USDA grants available to support local and regional food systems

Apply for a USDA grant to support your organization’s direct-to-consumer markets, local and regional food markets and enterprises, or value-added agricultural products. In particular, projects can help underserved local and regional agricultural entities respond to COVID-19 disruptions and impacts.

Deadlines: June 21 for Farmers Marketing Promotion Program and Local Food Promotion Program. July 6 for Regional Food Systems Partnerships.

All grants require matching funds for community organizations. This year (FY2021), there are differing match amounts within each specific grant program (i.e. 10% vs. 25% matches, based on the funding source).

 

In the last decade, the Farmers Market and Local Food Promotion Program has helped generate new income sources for small, beginning and socially disadvantaged farmers; increase local food access for underserved and vulnerable populations; and support value-added and niche products.

 

Farmers Market Promotion Program (FMPP)

• $38.45 million supports direct producer-to-consumer, producer-to-retail, direct producer-to-restaurant and direct producer-to-institutional marketing to increase access to and availability of locally and regionally produced agricultural products.

• Examples of project activities: training vendors, developing value-added products, promoting markets, and targeted marketing to retain vendors and consumers.

• Capacity Building projects range from $50,000 to $250,000. Community Development Training and Technical Assistance projects range from $100,000 to $500,000.

• Eligible entities include agricultural businesses and cooperatives, producer networks and associations, CSA networks and associations, food councils, local governments, nonprofit organizations, public benefit organizations, economic development organizations, regional farmers market authorities, and tribal governments.

 

Local Food Promotion Program (FMLFPP)

• $38.45 million supports direct producer-to-consumer marketing, local and regional food markets and enterprises, and value-added agricultural products.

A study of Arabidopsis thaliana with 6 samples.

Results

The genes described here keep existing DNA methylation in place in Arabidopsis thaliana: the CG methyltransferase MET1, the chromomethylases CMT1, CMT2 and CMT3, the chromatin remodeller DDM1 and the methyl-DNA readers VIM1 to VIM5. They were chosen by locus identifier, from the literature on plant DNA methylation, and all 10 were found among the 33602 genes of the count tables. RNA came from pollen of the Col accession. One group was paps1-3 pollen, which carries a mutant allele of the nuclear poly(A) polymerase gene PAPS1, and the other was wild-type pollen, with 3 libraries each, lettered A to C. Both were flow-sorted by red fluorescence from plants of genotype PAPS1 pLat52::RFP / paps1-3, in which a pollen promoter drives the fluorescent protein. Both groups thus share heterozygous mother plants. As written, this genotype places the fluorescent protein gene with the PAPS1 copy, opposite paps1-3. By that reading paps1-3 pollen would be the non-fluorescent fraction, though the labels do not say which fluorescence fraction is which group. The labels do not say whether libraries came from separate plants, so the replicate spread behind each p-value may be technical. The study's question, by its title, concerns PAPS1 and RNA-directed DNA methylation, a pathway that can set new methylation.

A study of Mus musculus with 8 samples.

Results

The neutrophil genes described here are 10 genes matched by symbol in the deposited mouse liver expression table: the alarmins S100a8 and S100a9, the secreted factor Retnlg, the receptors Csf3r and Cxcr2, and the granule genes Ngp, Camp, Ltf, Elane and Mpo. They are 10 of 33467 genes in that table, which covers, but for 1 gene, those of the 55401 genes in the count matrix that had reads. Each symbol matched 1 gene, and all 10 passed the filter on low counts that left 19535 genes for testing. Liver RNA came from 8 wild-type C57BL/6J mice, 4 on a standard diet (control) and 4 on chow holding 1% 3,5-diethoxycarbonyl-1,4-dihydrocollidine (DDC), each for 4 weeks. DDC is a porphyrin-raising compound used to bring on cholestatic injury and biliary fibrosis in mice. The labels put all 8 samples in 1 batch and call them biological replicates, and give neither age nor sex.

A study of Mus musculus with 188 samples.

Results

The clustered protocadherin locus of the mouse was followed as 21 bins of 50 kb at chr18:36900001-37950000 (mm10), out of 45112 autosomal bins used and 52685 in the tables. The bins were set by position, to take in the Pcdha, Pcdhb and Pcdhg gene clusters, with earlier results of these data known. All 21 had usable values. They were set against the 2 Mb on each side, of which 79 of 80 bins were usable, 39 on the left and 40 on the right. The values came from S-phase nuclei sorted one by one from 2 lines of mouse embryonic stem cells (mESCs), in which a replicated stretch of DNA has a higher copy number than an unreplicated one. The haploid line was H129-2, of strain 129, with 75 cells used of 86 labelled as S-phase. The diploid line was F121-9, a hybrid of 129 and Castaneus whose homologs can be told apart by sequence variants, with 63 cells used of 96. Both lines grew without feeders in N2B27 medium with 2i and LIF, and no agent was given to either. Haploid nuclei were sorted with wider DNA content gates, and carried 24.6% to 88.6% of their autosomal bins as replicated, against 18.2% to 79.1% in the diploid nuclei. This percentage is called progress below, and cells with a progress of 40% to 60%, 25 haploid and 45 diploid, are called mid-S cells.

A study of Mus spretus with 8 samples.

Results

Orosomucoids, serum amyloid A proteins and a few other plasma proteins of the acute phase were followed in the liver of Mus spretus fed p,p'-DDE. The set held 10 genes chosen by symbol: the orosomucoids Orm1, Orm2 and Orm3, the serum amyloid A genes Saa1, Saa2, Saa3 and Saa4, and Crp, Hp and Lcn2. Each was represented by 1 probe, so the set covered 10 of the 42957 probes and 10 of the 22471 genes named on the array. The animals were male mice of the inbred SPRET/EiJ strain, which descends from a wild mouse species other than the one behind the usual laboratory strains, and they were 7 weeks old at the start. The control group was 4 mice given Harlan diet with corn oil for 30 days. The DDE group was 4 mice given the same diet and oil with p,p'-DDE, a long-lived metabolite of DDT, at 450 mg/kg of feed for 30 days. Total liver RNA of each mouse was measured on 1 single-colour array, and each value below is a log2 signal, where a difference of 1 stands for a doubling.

• Examples of project activities: develop business plans, improve infrastructure, expand value-added product offerings, and developing a food incubator.

• Planning projects range from $25,000 to $100,000. Implementation projects range from $100,000 to $500,000.

• Eligible entities include agricultural businesses and cooperatives, producer networks and associations, CSA networks and associations, food councils, local governments, nonprofit organizations, public benefit organizations, economic development organizations, regional farmers market authorities, and tribal governments.

 

Since 2010, the Farmers Market and Local Food Promotion Program has invested $205 million across all 50 states and territories for 1,542 projects.

 

Regional Foods System Partnership (RFSP)

• $15.3 million supports direct producer-to-consumer marketing, local and regional food markets and enterprises, and value-added agricultural products.

• Examples of project activities: convening partners to define the regional food system scope and structure, conducting feasibility studies, prioritizing strategies to fill food systems gaps, providing technical assistance for partnership activities such as fiscal sponsorship, and applying for other programs and resources that align with regional food system efforts.

• RFSP Planning and Design projects range from $100,000 to $250,000. Implementation and Expansion projects range from $250,000 to $1,000,000.

• The project is specifically for partnerships between one or more eligible entity and one or more eligible partner. Eligible entities: producers, farmer or rancher cooperatives, producer networks or associations, producer-based business ventures, food councils, CSA networks or associations, local governments, nonprofit organizations, public benefit organizations, economic development organizations, regional farmers market authorities, and tribal governments. Eligible partners: state agencies or regional authorities, philanthropic corporations, private corporations, institutions of higher education, or accredited financial organization.

USDA strongly encourages projects to support smaller farms and ranches, new and beginning farmers and ranchers, socially disadvantaged producers, veteran producers, and underserved communities.

 

We have an opportunity to transform our nation’s food system with a greater focus on resilient local and regional food systems.” Secretary Vilsack

 

The Food Corridor will host grant webinars and work with shared kitchens to help applicants navigate the application process.

For those in the local and regional food sector but not applying: Please consider being a peer reviewer and helping USDA select grant applicants.

 

Notice: This document is strictly for educational purposes only and does not constitute legal advice nor create an attorney/client relationship.